Emilia Clarke reveals she almost died after the first season of Game of Thrones
In a letter published in the New Yorker, Emilia Clarke has spoken for the first time about her near death experiences
Emilia Clarke has grown to become one of the world's most beloved actors for her role as Daenerys Targaryen in Game of Thrones. But things could have been very different. For the first time, Clarke has revealed publicly that she survived a potentially fatal stroke.
In a letter published in the New Yorker, the Game of Thrones star recalled getting a headache before collapsing in the toilets while at the gym.
"I reached the toilet, sank to my knees and proceeded to be violently, voluminously ill," Clarke explained.
"Meanwhile, the pain - shooting, stabbing, constricting pain - was getting worse.
"At some level, I knew what was happening - my brain was damaged."
She had suffered from a subarachnoid haemorrhage, a type of stroke caused by bleeding in the brain which could quite easily have ended her life.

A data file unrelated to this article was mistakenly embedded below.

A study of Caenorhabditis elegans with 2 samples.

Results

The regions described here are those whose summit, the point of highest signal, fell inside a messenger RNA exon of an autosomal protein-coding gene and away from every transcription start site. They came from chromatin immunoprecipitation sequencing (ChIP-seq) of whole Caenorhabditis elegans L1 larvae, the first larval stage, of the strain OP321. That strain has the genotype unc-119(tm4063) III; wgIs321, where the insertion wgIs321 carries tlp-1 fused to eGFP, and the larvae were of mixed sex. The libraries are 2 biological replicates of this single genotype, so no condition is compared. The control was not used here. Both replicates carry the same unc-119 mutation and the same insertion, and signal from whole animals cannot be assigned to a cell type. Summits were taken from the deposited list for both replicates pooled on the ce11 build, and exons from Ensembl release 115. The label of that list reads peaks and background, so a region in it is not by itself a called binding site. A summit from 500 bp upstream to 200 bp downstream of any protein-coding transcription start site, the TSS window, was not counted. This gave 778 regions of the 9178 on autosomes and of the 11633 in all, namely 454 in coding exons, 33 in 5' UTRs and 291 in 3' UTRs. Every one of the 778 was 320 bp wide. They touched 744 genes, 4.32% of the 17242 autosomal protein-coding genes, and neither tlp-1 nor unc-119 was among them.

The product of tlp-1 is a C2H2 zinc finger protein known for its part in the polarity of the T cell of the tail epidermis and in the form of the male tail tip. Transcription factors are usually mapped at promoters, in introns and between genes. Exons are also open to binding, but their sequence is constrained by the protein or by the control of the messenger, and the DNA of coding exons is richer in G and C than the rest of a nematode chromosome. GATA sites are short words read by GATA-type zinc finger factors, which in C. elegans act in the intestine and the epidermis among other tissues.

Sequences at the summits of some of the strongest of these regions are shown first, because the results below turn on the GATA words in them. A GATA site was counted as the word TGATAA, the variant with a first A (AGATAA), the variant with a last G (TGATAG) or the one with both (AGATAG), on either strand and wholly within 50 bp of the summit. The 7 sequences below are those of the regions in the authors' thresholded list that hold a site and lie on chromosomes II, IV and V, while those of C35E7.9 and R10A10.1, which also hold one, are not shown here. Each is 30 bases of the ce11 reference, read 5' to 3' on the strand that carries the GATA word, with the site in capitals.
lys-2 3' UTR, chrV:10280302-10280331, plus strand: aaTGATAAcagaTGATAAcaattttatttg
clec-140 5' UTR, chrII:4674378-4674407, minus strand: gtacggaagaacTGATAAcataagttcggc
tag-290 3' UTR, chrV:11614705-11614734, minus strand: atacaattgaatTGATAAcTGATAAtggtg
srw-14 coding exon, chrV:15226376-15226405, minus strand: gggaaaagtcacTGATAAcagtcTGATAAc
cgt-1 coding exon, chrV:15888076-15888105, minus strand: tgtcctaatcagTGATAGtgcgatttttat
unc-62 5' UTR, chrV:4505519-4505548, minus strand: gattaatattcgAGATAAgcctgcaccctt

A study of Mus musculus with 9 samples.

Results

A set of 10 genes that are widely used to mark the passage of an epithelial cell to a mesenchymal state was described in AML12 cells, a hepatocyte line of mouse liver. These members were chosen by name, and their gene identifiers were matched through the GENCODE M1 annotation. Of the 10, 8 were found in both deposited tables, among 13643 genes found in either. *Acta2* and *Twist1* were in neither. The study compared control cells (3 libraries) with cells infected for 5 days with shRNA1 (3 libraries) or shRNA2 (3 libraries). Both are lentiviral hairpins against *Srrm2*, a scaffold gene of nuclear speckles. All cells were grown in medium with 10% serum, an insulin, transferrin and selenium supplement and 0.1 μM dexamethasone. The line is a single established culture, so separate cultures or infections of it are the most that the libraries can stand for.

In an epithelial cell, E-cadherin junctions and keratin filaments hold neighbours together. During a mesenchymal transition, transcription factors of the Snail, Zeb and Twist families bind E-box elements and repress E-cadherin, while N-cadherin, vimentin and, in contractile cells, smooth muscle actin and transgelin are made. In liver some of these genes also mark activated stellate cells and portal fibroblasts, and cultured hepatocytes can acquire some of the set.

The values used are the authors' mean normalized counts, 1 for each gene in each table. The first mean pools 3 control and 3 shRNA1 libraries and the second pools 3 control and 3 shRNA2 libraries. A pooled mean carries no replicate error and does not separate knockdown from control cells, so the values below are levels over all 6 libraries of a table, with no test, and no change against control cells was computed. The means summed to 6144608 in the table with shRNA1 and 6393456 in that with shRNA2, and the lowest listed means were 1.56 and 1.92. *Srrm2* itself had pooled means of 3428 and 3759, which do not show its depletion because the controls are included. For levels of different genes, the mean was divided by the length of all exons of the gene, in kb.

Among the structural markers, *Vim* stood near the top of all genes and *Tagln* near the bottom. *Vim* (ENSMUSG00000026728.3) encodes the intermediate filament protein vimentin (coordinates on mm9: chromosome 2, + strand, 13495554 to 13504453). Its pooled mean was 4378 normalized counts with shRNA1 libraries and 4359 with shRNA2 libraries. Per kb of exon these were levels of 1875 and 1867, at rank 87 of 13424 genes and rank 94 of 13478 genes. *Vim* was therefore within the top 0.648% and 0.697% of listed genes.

Surgeons were able to operate on her without having to open her skull, but she revealed in the letter that she could not remember her name after waking up from the operation.
"My full name is Emilia Isobel Euphemia Rose Clarke. But now I couldn’t remember it.
"Instead, nonsense words tumbled out of my mouth and I went into a blind panic. I’d never experienced fear like that - a sense of doom closing in."
This continued for a week. At times, Clarke revealed, she wanted the doctors to 'pull the plug'.
"In my worst moments, I wanted to pull the plug," she wrote.
"I asked the medical staff to let me die. My job—my entire dream of what my life would be—centred on language, on communication. Without that, I was lost."
She recovered and was allowed to leave the hospital, but there was more bad news to come. Doctors informed her that a second aneurysm on the other side of her brain would have to be monitored.
Two years later, they discovered that it had doubled in size and attempted to operate on her once again, but ended up having to rush her into emergency surgery and cut open her skull. It left her with a scar "that curves from my scalp to my ear".
Clarke's decision to break her silence over her health scares comes as she launches her own charity, SameYou. Its aim is to support young people with brain injuries and help them get access to resources.
"I know from personal experience how important it is when recovering from brain injury to receive the best rehabilitation care," she said on SameYou's Instagram.